Hypothermia may be defined as a "lower than normal" body temperature. Normal body core temperature is 37.5°C. Mild hypothermia and shivering may occur at body temperatures as high as 36°C. Lower body temperatures are considered as moderate to severe hypothermia.
Cold-weather injuries are all related to the cooling of the body, or a body part. Cold reduces the metabolic activity of the affected tissues, increasing the viscosity of fluids, particularly blood, and reducing the effectiveness of the nervous system. The body's first response to cooling is to reduce blood flow to the extremities, and to increase metabolism through shivering. With freezing, ice crystals will initially form in intracellular spaces. Common cold-weather injuries include hypothermia, frostnip, and frostbite.
Hypothermia may be defined as a "lower than normal" body temperature. Normal body core temperature is 37.5°C. Mild hypothermia and shivering may occur at body temperatures as high as 36°C. Lower body temperatures are considered as moderate to severe hypothermia. Unconsciousness may occur at body core temperatures of 30°C, and death at 24°C.
Symptoms of hypothermia are progressive, starting with shivering, loss of fine motor control, numbness, and progressing to violent shivering, loss of large muscle control, amnesia, confusion and incoherent speech, then unconsciousness and muscle rigidity. Ultimately death is due to cardiac and respiratory failure. A field test for mild hypothermia may include an inability to tie shoelaces or to touch one's thumb to one's little finger.
Treatment for mild hypothermia includes removal from the causative factors to shelter followed by a warm, sweet drink and dry clothing. First-aiders must be sure to attempt warming the body core first. Rapid rewarming of the extremities may result in after drop, the continued cooling of the internal organs. A rescuer in the field may attempt to rewarm the body of a moderate to severe (shivering has ceased) hypothermic victim with warm, moist towel packs or wrapped hot water bottles applied to the groin, neck and armpits only. Severe hypothermia is a medical emergency that requires immediate evacuation to a hospital!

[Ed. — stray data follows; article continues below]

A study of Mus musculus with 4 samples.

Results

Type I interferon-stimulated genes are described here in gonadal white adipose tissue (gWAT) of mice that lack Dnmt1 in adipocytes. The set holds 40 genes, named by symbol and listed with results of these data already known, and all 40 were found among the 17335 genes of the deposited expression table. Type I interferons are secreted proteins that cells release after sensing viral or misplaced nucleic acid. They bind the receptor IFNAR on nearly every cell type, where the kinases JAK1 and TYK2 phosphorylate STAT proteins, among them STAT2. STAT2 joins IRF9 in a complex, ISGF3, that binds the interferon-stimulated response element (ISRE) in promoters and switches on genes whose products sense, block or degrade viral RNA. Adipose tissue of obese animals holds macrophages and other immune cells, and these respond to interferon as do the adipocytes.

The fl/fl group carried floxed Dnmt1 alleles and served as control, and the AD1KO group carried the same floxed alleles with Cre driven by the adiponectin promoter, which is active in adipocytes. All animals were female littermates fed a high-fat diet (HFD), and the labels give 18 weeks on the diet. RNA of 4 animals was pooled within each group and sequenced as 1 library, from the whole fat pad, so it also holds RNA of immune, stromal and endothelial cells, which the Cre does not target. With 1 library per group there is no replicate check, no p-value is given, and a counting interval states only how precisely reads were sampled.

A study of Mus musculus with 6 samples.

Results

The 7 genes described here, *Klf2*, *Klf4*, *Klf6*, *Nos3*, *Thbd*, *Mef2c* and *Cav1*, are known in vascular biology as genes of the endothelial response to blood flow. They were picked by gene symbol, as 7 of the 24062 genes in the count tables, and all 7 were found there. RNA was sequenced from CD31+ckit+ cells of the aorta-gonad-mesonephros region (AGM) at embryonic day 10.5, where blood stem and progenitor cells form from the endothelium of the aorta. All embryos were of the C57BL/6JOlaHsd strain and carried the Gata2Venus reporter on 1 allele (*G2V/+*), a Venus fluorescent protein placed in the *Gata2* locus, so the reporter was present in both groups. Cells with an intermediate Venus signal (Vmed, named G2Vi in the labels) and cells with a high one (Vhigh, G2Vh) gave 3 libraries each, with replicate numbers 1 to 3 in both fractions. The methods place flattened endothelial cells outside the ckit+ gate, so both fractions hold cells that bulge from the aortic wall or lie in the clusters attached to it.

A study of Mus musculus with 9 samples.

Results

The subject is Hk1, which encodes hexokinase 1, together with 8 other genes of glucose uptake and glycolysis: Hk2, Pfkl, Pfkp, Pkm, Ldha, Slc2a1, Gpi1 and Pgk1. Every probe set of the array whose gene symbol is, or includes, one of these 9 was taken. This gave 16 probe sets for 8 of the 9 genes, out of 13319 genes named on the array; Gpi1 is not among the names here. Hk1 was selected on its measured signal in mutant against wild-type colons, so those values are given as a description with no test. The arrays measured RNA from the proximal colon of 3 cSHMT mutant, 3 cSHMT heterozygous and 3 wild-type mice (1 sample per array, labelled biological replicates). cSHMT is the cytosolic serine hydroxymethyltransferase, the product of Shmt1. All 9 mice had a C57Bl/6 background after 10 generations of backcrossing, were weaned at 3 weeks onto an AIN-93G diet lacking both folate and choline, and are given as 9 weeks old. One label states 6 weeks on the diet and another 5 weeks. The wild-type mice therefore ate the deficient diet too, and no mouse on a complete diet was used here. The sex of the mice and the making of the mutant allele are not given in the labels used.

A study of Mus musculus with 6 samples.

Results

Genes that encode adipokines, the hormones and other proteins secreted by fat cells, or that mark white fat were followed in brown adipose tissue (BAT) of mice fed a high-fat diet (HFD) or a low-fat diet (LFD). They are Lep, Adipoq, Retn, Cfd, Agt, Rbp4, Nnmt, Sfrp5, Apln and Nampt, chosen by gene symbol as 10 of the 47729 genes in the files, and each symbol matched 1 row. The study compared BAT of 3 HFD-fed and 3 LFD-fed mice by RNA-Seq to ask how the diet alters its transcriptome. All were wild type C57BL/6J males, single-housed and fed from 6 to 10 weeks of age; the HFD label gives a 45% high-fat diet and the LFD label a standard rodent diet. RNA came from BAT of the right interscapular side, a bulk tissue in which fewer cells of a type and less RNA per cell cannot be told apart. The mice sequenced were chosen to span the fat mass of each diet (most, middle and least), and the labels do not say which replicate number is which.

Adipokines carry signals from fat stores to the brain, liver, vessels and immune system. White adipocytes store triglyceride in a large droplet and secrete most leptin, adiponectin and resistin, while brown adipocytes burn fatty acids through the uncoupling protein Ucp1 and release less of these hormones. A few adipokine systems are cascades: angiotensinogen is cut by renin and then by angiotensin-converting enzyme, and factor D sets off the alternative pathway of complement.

Hypothermia most often occurs under wet, windy and cool temperatures. It may develop slowly over a day's outdoor activities, or rapidly in the case of cold-water immersion. The slow development of hypothermia in outdoor activities is often the result of inadequate dressing for the conditions, a lack of adequate high-energy food consumption for the activity requirements and dehydration. Prevention is thus a matter of carrying and wearing protective clothing appropriate for the worst expected weather conditions, eating high-calorie foods during the activity, and drinking an adequate amount of fluid. Protective clothing should be worn in layers, with a windproof or waterproof layer on the outside. Layers of clothing should be added or shed to maintain a slightly warm body temperature. Be sure to avoid heavy perspiration, the soaking of one's clothing and the resulting reduction of the insulating properties of that clothing. Water-based activities may require full or partial "wet" or "dry" suits.
Frostnip is defined as the freezing of just the top layers of skin tissue and involves only a small area of a cheek, earlobe, fingers or toes. Frostnip is reversible. The skin will be white, waxy and rubbery but still compressible. The affected area may be numb. Treatment involves a gentle rewarming by placing the affected area against warm skin, or by blowing warm air onto it. This may mean placing a warm hand over the cheek, or placing frostnipped toes on someone else's warm stomach. Do not rub or massage the frostnipped tissue; this may cause the ice crystals to damage adjoining cell structures.
Frostbite involves further freezing of tissues to a deeper layer and over a larger area than frostnip. Deep frostbite may include the freezing of underlying muscle and bone tissues. The skin will be white, waxy and solid. When rewarmed, swelling, discoloration and severe pain will occur. For small parties in the "back-country," it may be best to leave the foot (the most common location) frozen until a hospital can be reached. Records show many individuals able to travel on a frozen foot, but a rewarmed frostbite injury usually immobilizes the victim. Treatment for hypothermia may be required and takes priority.
Except in very severe cold weather, frostnip and frostbite victims are usually also suffering some degree of hypothermia. Thus frostnip and frostbite prevention is similar to the prevention of hypothermia. In addition, groups in the out-of-doors in winter conditions should establish a "buddy system" for the regular checking for frostnip of exposed tissues. Individuals must "self-check" for cold extremities, wetness and numbness. Upon the discovery of any frostnip or other symptoms, outdoor parties must stop, treat the condition or symptom and take further preventative steps before the activity recommences. This may mean as little as rewarming a frostnipped earlobe and putting on an earband, or as much as finding shelter, stopping to dry footwear, rewarm toes, have a hot, sweet drink and put on extra clothing.
W.W. Forgey, Hypothermia -- Death by Exposure (1985); W. Merry, St John Ambulance -- Official Wilderness First-Aid Guide (1994); J.A. Wilkerson, C.C. Bangs, J.S. Hayward, Hypothermia, Frostbite and Other Cold Injuries (1986); Rick Curtis, The Backpacker's Field Manual (1998); and James Wilkerson, Medicine for Mountaineering (1992).